Almost only counts in horseshoes and hand grenades.

I have often come across this idiom but still, I don't know when to say or use it! Even after several internet searches, I have trouble understanding the meaning of this idiom, and more precisely, when to use it.

I got the fact that it means – more or less – that "almost" is not enough, but the situations when to use it is still not crystal clear for me.

Could somebody enlighten me, give me examples? Thanks in advance! (Please consider that I have to teach this idiom to my students who are actually studying English as a foreign language.)

  • 3
    Carolyn M at YAHOO Answers answers: 'You get points in [the game of] horseshoes for coming close even if your horseshoe doesn't circle the post and fall at its foot. Likewise, you inflict injuries with a grenade that lands close but misses the exact target.' Otherwise, a miss is as good as a mile. Commented May 12, 2017 at 20:07
  • You seem to understand it fine. Commented May 12, 2017 at 20:08
    – choster
    Commented May 12, 2017 at 20:20
  • 4
    In a political election, a runner up with a fraction of a point less is just as far from power as one that lost by 20%. "They ran a good campaign and came very close" Response . "Our policies are in real trouble. Close only counts in horseshoes and hand grenades". Employee, "We almost landed that big account." Boss "Close only counts in horse shoes and hand grenades". The idiom would not work where a proportional result is almost as good. "The charity picnic was $100k and we almost reached it with $96k raised". (a near miss still achieved 96% of the benefit)
    – Tom22
    Commented May 12, 2017 at 20:33
    – Hot Licks
    Commented May 12, 2017 at 21:12

2 Answers 2


Charles Doyle, Wolfgang Mieder & Fred Shapiro, The [Yale] Dictionary of Modern Proverbs (2012) has this entry:

Close doesn't count except in horseshoes (and hand grenades) (and nuclear bombs)

1914 Lincoln {NE} Daily News 15 Aug.: "Close does not {sic} count only in horseshoes." 1921 Decatur {IL} Daily Review 3 Oct.: "Close counts in horseshoes only." 1932 Washington Post 8 Jul.: "Close doesn't count except in horseshoe pitching." 1970 Guthrian {Guthrie County IA} 26 Jan.: "Close only counts in horse shoes and grenades." DAP 102; YBQ Frank Robinson. The proverb, with its various accretions, probably originated as an anti-proverb based on "Close doesn't count."

The literal meaning of the saying is derived from the fact that you win points in horseshoes by landing your horseshoe within a horseshoe's breadth of the stake, even if it doesn't ring the stake or touch the stake. Hence, "close" counts in horseshoes. Likewise a hand grenade that explodes in the vicinity of its target, rather than directly on it, can still inflict lethal damage—as can a nuclear bomb.

Wikipedia's entry for horseshoes offers this account of the scoring system, although many people play informally by different house rules:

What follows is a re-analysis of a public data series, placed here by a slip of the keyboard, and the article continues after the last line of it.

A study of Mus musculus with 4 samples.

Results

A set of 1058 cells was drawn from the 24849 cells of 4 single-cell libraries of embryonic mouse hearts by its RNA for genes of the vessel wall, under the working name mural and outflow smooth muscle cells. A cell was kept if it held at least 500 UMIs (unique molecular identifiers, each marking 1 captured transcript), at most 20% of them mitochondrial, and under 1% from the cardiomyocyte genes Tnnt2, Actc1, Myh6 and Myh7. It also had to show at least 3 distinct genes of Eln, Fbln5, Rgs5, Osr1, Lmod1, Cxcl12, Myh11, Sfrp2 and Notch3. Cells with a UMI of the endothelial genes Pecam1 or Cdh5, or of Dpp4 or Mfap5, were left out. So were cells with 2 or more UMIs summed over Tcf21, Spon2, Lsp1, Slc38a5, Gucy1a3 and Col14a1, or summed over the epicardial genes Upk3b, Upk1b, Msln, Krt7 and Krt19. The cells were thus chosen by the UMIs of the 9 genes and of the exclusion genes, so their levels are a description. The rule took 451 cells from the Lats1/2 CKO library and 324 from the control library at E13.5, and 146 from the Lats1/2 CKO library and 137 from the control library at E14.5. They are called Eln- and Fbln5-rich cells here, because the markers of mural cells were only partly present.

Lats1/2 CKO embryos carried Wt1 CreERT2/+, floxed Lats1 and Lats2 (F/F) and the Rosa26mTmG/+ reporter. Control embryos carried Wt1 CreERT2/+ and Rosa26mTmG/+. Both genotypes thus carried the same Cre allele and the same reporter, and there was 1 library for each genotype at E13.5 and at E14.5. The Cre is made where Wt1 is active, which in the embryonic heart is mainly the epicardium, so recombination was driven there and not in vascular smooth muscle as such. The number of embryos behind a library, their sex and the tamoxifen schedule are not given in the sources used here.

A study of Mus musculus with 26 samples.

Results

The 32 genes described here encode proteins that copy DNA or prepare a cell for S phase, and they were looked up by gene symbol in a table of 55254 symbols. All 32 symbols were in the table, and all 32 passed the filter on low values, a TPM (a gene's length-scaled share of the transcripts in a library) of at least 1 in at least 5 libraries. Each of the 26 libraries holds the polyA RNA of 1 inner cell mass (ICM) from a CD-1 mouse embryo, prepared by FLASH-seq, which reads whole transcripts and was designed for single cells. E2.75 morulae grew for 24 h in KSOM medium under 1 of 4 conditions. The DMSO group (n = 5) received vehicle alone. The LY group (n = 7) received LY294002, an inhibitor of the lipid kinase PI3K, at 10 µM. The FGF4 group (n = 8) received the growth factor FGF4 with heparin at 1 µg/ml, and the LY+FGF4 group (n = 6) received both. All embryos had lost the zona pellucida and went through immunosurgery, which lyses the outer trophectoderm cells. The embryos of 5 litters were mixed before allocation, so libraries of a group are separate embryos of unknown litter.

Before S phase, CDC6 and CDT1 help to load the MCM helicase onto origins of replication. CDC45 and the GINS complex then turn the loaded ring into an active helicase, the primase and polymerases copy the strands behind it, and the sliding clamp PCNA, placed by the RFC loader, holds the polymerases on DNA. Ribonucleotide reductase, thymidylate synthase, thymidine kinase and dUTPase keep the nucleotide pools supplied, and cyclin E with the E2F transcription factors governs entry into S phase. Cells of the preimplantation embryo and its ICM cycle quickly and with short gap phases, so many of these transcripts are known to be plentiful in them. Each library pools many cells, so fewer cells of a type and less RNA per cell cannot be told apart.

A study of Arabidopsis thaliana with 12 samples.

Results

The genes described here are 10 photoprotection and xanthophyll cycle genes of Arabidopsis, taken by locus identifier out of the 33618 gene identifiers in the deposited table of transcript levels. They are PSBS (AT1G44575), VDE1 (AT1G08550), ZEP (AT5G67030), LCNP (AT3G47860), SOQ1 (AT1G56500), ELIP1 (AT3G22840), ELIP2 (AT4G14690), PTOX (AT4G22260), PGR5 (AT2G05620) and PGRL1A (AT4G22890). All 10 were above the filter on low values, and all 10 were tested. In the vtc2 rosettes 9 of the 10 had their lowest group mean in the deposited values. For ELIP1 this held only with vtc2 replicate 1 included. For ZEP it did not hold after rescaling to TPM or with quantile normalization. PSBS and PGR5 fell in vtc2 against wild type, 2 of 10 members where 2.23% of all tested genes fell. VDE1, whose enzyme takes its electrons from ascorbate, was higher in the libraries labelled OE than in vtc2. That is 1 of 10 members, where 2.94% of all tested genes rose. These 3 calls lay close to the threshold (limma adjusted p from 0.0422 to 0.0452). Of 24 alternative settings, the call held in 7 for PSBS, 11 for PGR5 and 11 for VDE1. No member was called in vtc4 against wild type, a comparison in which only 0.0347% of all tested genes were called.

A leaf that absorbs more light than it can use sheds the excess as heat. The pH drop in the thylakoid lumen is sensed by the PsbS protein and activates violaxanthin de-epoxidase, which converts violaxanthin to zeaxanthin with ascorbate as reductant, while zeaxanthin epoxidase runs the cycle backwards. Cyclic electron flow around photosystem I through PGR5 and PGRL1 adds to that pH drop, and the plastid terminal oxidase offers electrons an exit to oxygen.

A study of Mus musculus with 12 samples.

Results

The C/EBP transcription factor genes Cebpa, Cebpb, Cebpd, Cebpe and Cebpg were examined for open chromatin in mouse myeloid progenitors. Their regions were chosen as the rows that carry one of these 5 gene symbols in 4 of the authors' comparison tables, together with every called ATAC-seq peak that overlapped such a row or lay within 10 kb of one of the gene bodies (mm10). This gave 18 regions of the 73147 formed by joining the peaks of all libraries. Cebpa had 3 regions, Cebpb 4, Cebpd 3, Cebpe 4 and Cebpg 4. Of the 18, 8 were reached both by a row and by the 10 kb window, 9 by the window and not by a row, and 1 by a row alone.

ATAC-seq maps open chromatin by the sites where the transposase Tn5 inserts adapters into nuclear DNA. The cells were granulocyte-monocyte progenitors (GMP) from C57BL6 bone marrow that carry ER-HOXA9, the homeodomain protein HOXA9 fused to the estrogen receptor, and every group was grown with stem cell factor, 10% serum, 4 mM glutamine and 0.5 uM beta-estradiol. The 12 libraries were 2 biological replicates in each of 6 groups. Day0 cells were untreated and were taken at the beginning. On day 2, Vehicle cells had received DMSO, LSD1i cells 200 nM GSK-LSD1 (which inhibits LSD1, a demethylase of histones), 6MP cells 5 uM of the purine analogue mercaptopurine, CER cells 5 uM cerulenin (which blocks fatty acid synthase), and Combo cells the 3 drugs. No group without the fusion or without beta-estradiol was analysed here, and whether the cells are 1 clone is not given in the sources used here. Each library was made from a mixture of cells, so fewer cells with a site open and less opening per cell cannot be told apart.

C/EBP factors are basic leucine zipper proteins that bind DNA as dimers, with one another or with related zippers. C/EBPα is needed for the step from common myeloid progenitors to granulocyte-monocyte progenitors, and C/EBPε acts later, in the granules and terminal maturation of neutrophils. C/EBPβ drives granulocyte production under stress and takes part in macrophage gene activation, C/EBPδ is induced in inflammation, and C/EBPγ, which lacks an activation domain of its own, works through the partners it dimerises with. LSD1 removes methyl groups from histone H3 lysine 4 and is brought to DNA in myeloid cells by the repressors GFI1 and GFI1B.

A live shoe that is not a ringer, but comes to rest six inches (6") or closer to the stake, has a value of one (1) point. This includes a “leaner”. If both of one player's horseshoes are closer than the opponent's, two points are scored. A ringer scores three points.

I suspect that the variant "almost doesn't count..." is more obscure to hearers because it doesn't emphasize the notion of physical closeness that lies at the core of the exceptions to the rule.

  • 1
    How odd that some would add nuclear bombs to this saying. Surely with nuclear bombs close doesn't count either, but the other way around: a nuclear explosion will do an awful lot of damage even from definitely-not-close-at-all! Commented May 12, 2017 at 20:46
    – Sven Yargs
    Commented May 12, 2017 at 20:50
    – Hot Licks
    Commented May 12, 2017 at 21:14
    – Sven Yargs
    Commented May 12, 2017 at 21:25
  • 1
    ...so I couldn't beat the Yale dictionary's earliest chronological instances (from 1914 and 1921) with instances that use what I agree is the idiomatically more common form of expressing this modern proverb.
    – Sven Yargs
    Commented May 12, 2017 at 21:26

The chronologically third and fourth appearances I've found of the formulaic phrase 'close only counts in [something]' (and variants) do not mention horseshoes, but rather quoits. So, after "close does not count only in horseshoes" from the Lincoln Daily News (Lincoln, Nebraska) 15 Aug 1914 (paywalled link), comes this second appearance of the phrase concept in 1916:

Yes, there is a game in which 'close' counts. It is horseshoes.

Bisbee Daily Review (Bisbee, Arizona), 16 Apr 1916 (paywalled).

The third appearance I found is in The Union Postal Clerk of March, 1917, and this time quoits feature instead of horseshoes:

Day Rosemer — getting close counts in quoits only.

Then comes this fourth with reference to quoits from Evening Report (Lebanon, Pennsylvania), 10 Jan 1921 (paywalled):

It was close, but close only counts in quoits, and baby, how big these two points and the last remaining minutes of the fray looked to the Red and Blue.

That fourth appearance is followed closely by the 3 Oct 1921 appearance of the phrase with reference to horseshoes, as compiled by Doyle, Mieder and Shapiro in The Dictionary of Modern Proverbs (2012).

The association of the phrase "close only counts" (variants) with quoits was suggestive, given the much longer history of quoits than horseshoes, but searches of the UK and US popular press, and Google Books, did not disgorge any attestations featuring quoits earlier than the 1914 and 1916 appearances featuring horseshoes.